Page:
News Release

Modulating steric hinderance of small-molecule electrode for the enhanced proton storage

Peer-Reviewed Publication

Science China Press

The synthesis and characterization of isomers


(a) Schematic illustration of the synthetic route for s-HATBAQ and a-HATBAQ, (b) FT-IR spectra of a-HATBAQ and s-HATBAQ, (c) Mass spectra of a-HATBAQ and s-HATBAQ, (d) 13C NMR spectra of a-HATBAQ and s-HATBAQ, (e) XRD patterns of a-HATBAQ and s-HATBAQ, (f) TGA curves of a-HATBAQ and s-HATBAQ


This study is led by Dr. Mingjun Hu (School of Materials Science and Engineering, Beihang University), Prof. Jun Luo (ShenSi Lab, Shenzhen Institute for Advanced Study, University of Electronic Science and Technology of China, Longhua, Shenzhen 518110, China) and Prof. Jun Yang (Beijing Institute of Nanoenergy & Nanosystems, Chinese Academy of Sciences, Beijing 101400, China).

Aqueous proton batteries have shown enormous potential in high-power and ultra-low temperature energy storage devices, but the scarcity of high-capacity and low-potential anodic materials still largely limits its energy density and thus the competitiveness in aqueous batteries. Recently organic electrode materials have shown enormous potential as high-capacity anode of proton battery due to its designable molecular structure and accessible abundant active sites. However, its capacity was still limited by low ultilization of active sites due to its low conductivity and complicated molecular structure effects. To further tapping the potential of organic electrode materials in energy storage, exploring the effect of precise molecular structure on the charge storage is essentially important for further improving electrode performance.

As is well known, material structures determine their properties and functions. For organic electrodes, their specific capacities were mainly affected by the density and ultilization of active sites. High specific capacity requires high active site density, but high-active site density usually incurs high steric hinderance and thus low ultilization of active sites. The contradiction poses an obvious challenge to the improvement of specific capacity of organic electrode. Therefore, there is a strong need to investigate the influence of steric hinderance of organic electrodes on their specific capacity. The electroactive stereoisomers with slight steric hinderance difference are the best model molecules to study the relationship between steric hinderance and specific capacity. It is interesting and meaningful to investigate and compare the synthesis and electrochemical properties of stereoisomers for guiding the molecular structure design and improving electrode performance. Up to now, there is no report that investigates the effect of precise molecular structure (steric hindrance) of stereoisomers on electrochemical properties.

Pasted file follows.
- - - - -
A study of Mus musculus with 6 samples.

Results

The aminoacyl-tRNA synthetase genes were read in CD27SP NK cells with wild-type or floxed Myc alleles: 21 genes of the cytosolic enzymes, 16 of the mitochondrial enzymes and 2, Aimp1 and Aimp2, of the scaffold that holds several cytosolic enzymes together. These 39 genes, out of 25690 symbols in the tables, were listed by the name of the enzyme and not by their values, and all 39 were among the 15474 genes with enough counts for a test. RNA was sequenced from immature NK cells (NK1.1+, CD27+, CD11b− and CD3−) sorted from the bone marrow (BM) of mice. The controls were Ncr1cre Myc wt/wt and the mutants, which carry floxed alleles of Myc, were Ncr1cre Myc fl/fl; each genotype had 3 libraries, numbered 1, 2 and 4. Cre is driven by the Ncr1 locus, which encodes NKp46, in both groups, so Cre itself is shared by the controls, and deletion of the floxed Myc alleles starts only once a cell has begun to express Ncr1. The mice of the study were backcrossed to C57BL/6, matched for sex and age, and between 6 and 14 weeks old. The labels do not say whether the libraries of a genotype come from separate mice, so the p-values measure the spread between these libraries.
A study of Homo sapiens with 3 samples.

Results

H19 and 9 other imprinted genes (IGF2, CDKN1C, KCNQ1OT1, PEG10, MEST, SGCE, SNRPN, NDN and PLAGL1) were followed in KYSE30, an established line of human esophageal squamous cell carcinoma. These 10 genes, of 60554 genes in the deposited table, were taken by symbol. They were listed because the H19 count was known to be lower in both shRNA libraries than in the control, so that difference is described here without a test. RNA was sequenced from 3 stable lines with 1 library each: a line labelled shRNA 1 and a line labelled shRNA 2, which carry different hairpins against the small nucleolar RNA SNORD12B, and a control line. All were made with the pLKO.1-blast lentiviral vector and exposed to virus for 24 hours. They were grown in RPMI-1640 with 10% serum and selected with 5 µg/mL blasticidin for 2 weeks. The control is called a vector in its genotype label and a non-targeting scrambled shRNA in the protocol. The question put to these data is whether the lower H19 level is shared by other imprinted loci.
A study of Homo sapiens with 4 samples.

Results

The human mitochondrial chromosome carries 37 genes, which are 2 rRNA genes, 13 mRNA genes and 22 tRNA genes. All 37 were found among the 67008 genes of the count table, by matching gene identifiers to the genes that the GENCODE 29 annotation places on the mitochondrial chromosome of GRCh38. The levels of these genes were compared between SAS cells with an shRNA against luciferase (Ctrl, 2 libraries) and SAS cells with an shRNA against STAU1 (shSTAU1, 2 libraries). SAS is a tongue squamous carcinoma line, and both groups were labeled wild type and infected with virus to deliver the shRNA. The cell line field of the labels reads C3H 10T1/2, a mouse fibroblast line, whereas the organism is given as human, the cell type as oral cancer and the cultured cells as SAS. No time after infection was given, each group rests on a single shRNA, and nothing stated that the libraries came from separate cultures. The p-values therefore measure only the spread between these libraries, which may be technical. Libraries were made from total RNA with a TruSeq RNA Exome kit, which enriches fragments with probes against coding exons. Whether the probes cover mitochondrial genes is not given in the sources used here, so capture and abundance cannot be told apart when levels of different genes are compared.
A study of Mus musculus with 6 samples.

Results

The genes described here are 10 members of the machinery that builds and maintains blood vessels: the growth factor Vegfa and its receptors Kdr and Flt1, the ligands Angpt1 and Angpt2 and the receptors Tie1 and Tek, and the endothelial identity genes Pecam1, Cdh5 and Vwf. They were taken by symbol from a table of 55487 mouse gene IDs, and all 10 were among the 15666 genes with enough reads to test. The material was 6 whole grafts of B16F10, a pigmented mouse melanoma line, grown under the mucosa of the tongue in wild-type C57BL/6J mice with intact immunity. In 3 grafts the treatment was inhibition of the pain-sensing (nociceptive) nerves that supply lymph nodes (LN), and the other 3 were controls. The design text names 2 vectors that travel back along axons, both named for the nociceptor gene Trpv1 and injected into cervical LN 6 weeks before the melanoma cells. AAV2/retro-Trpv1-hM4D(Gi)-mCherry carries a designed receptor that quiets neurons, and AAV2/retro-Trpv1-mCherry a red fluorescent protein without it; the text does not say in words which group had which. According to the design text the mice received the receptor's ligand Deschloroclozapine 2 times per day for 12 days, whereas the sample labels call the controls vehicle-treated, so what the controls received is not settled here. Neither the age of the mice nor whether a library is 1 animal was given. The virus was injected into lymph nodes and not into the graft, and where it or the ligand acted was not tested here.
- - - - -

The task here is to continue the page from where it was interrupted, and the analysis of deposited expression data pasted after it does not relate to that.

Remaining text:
In this work, the researchers reported the controllable synthesis of two isomers, symmetric hexaazatribenzanthraquinone (s-HATBAQ) and asymmetric one (a-HATBAQ), by adjusting the solvent, reaction temperature and catalysts, and observed the significantly different electrochemical properties of the two isomers. It is found that s-HATBAQ had 1.5 times higher specific capacity and better rate capability than a-HATBAQ in acid electrolytes, mainly ascribed to the weaker steric hindrance to the insertion of protons around active sites of s-HATBAQ, which has been confirmed by both experimental and DFT calculation results. To maximize the utilization of active sites, the researchers in-situ grow s-HATBAQ on reduced graphene oxide (rGO) for further improving the conductivity. As a result, s-HATBAQ-50% rGO composites delivered a record high specific capacity of 405 mAh g-1 at 0.1 A g-1 in 5 M H2SO4 electrolyte.

The researchers further developed an anti-freezing electrolyte (5 M H2SO4+0.5 M Mn(BF4)2), which showed an impressive ionic conductivity of 213.8 mS cm-1 at -80 ℃. When the electrolyte was applied to a swagelok cell with MnO2@CF-KOH as the cathode and s-HATBAQ-50% rGO as the anode, the proton full battery exhibited an excellent rate performance (210 mAh g-1 at 2 A g-1 and 111 mAh g-1 at 80 A g-1) and outstanding cycling stability with a capacity retention of 96 % after 26000 cycles at 5 A g-1. At -80 ℃, The battery showed an initial capacity of 91.9 mAh g-1 at 0.1 A g-1 and maintained over 1000 cycles with ~92% capacity retention at 0.5 A g-1. This work not only inspires the study of high-performance wide-temperature-range aqueous proton batteries but also highlights molecule-level precise structure regulation for improving the performance of organic electrode and advancing the development of organic energy storage.